Green peafowl facts for kids
The green peafowl (Pavo muticus) is a bird native to Southeast Asia.
The sexes of Green Peafowl are quite similar in appearance, especially in the field. During most of the year, when the males have no visible trains, it is quite difficult to distinguish the sexes. Both sexes have tall pointed crests, and are long-legged, heavy-winged and long-tailed in silhouette. Seen from a distance, they are generally dark coloured birds with pale vermillion or buff coloured primaries which are quite visible in their peculiar flight which has been described as a true flapping flight with little gliding that one associates with Galliform birds.
The males of the subspecies imperator and spicifer are overall bluish-green, the former having a metallic-green breast, neck, wing-coverts and outer webs of secondaries, whereas the latter has a duller, bluer breast and neck, and more black on the wing-coverts and outer web of secondaries. Compared to these, Nominate muticus is overall more golden-green and has less blue on the neck and breast. Considerable variation exists in plumage of neck and breast which may be linked with age and sex.
The male of the Green Peafowl have a loud call of ki-wao, which is often repeated. The female has a loud aow-aa call with an emphasis on the first syllable. The males call from their roost sites at dawn and dusk.
Green Peafowl are large birds, one of the largest living Galliforms in terms of overall length and wingspan, though rather lighter-bodied than the Wild Turkey. The male grows up to 3 meters (10 ft) long, including the "train" and weighs up to 5 kg (11 lbs). The female is 1.1 meter (3.5 ft) long and weighs about 1.1 kg (2.4 lbs). It has large wingspan of approximately 1.2 m (4 ft). Unlike Indian Peafowl, the Green Peafowl is a better flier and capable of sustained flight.
Distribution and habitat
The Green Peafowl was widely distributed in Southeast Asia in the past from northern Myanmar and southern China, extending through Laos, and Thailand into Vietnam, Cambodia, Peninsular Malaysia and the islands of Java. The ranges have reduced with habitat destruction and hunting. They are now a protected species of India.
Green Peafowls are found in a wide range of habitats including primary and secondary forest, both tropical and subtropical, as well as evergreen and deciduous. They may also be found amongst bamboo, on grasslands, savannas, scrub and farmland edge. In Vietnam, the preferred habitat was found to be dry deciduous forest close to water and away from human disturbance. Proximity to water appears to be an important factor.
Following the advice of his Hong Kong bird dealer, World Pheasant Association founder and ornithologist Jean Delacour recognized three races of Green Peafowl. Today most authorities recognize these three:
- P. m. muticus (nominate). Found in Java. Was also known from the Malay Peninsula from the northern part extending south to Kedah.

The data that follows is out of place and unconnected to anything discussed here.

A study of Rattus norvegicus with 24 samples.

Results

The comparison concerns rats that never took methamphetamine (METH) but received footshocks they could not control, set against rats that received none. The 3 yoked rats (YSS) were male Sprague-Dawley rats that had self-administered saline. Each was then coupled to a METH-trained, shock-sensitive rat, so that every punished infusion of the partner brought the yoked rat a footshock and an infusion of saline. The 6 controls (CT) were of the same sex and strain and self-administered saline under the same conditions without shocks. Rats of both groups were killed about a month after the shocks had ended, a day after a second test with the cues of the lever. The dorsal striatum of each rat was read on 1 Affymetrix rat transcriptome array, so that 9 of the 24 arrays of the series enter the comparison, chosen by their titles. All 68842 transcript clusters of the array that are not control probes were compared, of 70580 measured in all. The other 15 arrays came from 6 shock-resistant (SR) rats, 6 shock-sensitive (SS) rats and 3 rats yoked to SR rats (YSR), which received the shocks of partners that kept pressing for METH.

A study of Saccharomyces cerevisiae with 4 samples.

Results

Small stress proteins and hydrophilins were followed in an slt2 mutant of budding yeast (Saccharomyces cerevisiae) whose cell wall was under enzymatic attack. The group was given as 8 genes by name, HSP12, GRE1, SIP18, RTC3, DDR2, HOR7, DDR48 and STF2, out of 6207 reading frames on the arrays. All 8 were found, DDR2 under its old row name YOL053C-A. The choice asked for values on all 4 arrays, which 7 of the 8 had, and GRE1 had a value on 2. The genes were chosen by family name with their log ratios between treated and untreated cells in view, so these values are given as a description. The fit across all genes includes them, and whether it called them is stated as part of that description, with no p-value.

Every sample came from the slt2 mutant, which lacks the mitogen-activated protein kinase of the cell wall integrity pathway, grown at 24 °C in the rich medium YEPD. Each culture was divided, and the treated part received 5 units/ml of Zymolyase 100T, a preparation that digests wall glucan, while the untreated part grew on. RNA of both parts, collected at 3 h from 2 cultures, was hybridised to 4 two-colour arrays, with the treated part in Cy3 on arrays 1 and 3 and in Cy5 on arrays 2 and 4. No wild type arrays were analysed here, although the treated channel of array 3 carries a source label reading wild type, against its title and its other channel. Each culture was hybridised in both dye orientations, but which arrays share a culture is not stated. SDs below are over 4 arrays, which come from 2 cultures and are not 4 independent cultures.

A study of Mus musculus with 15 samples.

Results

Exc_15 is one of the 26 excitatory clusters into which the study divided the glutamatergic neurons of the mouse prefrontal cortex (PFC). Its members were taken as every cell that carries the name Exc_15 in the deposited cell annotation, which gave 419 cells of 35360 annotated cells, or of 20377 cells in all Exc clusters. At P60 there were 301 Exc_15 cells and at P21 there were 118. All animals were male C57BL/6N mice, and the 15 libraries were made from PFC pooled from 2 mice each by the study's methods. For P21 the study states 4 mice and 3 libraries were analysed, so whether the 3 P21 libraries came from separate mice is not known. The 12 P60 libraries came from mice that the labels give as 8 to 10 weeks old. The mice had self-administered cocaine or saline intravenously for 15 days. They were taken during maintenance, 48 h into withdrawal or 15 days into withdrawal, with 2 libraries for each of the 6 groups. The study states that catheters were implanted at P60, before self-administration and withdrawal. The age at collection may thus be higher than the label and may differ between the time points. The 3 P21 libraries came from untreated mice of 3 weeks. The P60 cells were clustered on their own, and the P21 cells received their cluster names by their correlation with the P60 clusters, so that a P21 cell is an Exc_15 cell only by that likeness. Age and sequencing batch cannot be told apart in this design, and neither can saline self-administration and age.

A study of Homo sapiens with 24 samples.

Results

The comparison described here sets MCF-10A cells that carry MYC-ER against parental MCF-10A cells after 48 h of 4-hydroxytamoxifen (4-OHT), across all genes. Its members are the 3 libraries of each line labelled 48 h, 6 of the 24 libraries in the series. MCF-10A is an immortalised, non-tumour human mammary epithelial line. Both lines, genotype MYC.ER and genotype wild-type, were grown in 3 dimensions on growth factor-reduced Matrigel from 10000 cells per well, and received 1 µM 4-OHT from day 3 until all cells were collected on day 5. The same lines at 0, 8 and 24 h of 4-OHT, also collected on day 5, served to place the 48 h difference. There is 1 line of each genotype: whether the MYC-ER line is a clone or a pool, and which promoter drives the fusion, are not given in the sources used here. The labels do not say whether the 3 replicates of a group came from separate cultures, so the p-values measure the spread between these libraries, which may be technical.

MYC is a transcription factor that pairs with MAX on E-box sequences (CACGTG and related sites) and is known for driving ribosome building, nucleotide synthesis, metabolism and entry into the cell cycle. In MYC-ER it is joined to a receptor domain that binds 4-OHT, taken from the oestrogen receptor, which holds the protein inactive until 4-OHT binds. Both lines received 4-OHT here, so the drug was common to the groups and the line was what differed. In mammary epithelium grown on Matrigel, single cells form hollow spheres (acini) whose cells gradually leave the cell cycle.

- P. m. imperator. From Burma to Thailand, southern China and Indochina.
- P. m. spicifer. Found in northwestern Burma. Formerly also north-eastern India and Bangladesh.
Green Peafowls are found today in Southeast Asia in mainland Burma, Yunnan, Thailand, Laos, Vietnam, Cambodia and on the island of Java in Indonesia. They are absent from both Sumatra and Borneo. Records from northeastern India have been questioned and old records are possibly of feral birds.
The Green Peafowl is a forest bird which nests on the ground laying 3 to 6 eggs.
It has been widely believed without quantification that the Green Peafowl is polygynous, the male having no parental responsibilities whatsoever.
However, the theory that the male is polygynous also conflicts with observations in captivity; pairs left alone with no human interaction have been observed to be strongly monogamous. The close similarity between both sexes also suggests a different breeding system in contrast to that of the Indian Peafowl. Thus, some authors have suggested that the harems seen in the field are juvenile birds and that males are not promiscuous.
They usually spend time on or near the ground in tall grasses and sedges. Like other peafowl, the Green Peafowl love to wade and forage for food in the shallows for a good portion of each day. Family units roost in trees at a height of 10–15 m. The diet consists mainly of fruits, invertebrates, reptiles, and other small animals. As with the other member of its genus, the Green Peafowl can even hunt venomous snakes, making them useful for pest control. Ticks and termites, flower petals, buds leaves and berries are favorite foods of adult peafowl. Frogs and other aquatic small animals probably make up the bulk of the diet of growing birds.
Green Peafowl occupy a similar ecological niche as the unrelated Secretary Bird, seriamas, and bustards. That is to say, Green Peafowl hunt for small animals on the ground in tropical savannah. Like these other predatory bird species, Green Peafowl are monogamous and enjoy prolonged relationships with their offspring. All these cursorial hunters display delayed maturity, are long-legged, heavy-winged, with prominent crests and long, broad tails.